Vienna man, daughter die in New York plane crash

LAKE PLACID, N.Y.- A Vienna man and his daughter were among three people who died in a small plane crash in the Lake Placid area of Upstate New York on Saturday.

On Monday, New York State Police released the identities of the three people who died when their plane crashed at a River Road farm.

Fred Y. Kafka, 63, of Vienna, his daughter, Kathleen F. Kafka, 24, and Reed Phillips, 25, of Michigan were named as the victims, according to state police. Kathleen Kafka and Phillips were students at Clarkson University in Potsdam, N.Y.

Fred Kafka was the pilot of the Mooney M20 airplane, state police said.

Jim Bennon, president of the Mid-Ohio Valley Aviation Association, said Fred Kafka had been a member of the pilot association for several years and was an active pilot who enjoyed flying around the country. He also described Kafka as a positive person.

“He was a good guy, I liked him,” Bennon said. “I always enjoyed my time when I was with Fred.”

The single-engine plane was removed from the farm property in Lake Placid on Sunday, and the nearby road was re-opened to the public. The Federal Aviation Administration and National Transportation Safety Board are investigating the cause of the crash.

“We are deeply saddened to share with you the loss of two students who perished on Saturday morning in a small plane crash near Lake Placid,” Clarkson University President Tony Collins wrote in a statement. “Our condolences go out to their family, friends, faculty and classmates.”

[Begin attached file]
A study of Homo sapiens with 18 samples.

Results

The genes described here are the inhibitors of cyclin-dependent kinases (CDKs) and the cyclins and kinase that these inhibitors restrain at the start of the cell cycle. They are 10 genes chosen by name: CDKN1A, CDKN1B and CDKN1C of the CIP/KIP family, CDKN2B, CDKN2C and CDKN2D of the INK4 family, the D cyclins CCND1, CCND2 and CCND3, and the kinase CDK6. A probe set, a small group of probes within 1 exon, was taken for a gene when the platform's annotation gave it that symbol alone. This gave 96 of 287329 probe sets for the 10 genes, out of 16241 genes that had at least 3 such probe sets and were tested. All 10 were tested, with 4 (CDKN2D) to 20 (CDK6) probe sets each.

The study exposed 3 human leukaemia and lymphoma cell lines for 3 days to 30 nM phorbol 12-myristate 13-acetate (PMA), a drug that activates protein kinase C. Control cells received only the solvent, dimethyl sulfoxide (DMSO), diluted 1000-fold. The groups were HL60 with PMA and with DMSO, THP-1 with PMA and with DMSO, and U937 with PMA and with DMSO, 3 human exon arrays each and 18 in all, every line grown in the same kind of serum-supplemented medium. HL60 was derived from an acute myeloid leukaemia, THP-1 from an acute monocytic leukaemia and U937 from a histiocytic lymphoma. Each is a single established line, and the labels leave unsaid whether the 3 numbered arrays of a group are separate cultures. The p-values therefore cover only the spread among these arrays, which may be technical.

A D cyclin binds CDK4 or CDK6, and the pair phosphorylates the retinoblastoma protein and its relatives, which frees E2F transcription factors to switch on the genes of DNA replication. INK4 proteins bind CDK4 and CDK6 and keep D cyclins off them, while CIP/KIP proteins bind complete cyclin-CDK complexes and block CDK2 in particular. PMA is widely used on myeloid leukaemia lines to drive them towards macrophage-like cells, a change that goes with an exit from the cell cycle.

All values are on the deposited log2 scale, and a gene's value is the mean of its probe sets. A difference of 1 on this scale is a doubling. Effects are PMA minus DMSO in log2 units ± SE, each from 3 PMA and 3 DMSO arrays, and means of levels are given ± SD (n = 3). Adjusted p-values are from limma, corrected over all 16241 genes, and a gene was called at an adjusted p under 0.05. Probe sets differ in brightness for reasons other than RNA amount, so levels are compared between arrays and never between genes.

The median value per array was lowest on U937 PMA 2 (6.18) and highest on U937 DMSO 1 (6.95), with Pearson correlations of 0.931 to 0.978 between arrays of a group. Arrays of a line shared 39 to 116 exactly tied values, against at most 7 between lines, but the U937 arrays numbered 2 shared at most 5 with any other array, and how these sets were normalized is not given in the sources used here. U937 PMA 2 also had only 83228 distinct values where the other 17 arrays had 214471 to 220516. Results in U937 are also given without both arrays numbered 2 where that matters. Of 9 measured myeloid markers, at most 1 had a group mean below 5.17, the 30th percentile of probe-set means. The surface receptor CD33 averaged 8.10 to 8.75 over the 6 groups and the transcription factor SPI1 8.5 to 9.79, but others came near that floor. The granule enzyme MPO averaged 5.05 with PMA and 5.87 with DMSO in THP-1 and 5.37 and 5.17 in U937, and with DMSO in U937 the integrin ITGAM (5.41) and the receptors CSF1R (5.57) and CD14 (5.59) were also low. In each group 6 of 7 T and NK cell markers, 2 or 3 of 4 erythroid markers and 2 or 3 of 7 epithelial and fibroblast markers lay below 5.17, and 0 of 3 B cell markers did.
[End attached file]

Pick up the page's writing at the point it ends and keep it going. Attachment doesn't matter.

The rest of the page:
Collins said Kathleen Kafka and Phillips were physical therapy graduate students.

Lake Placid Airport Manager Steve Short said preliminary information showed the plane crashed after its first attempt at landing was thwarted by a plane approaching from the opposite direction. Both planes turned away from each other to circle and attempt the landing again, Short said.

He said Fred Kafka deployed his plane’s flaps but never retracted them before making the second approach, inhibiting the plane’s ability to fully circle and try another landing. The plane likely lost power, Short said.

It crashed on the Snowslip Farm property, among evergreen trees about 40 feet from the road. The Trevor family owns the 125-acre farm, and Lesley Trevor and her daughter Emily were in a barn when they heard a plane flying low overheard. Then they heard it crash.

“We heard a big, horrible thud,” Lesley Trevor said. “My daughter said ‘Oh, my God, it’s right here!’

“We saw it burn. It was right there. There was nothing we could do. We couldn’t save them.”

Their horses were on the other side of the burning plane, so the women rushed to move them around to a different location.

A call from someone at the Lake Placid Airport first alerted authorities to the crash at 10:39 a.m. Saturday, state police Capt. John Tibbitts said at a press conference Saturday.

The Lake Placid Volunteer Fire Department was the first emergency agency on the scene, at 10:44, and extinguished the burning plane quickly. Fire Chief Torry Hoffman said there was some concern that extra gas in the plane could explode, but that didn’t happen.

Lake Placid village police, the Lake Placid Volunteer Ambulance Service, the Saranac Lake Volunteer Fire Department and the state Department of Environmental Conservation were also on the scene.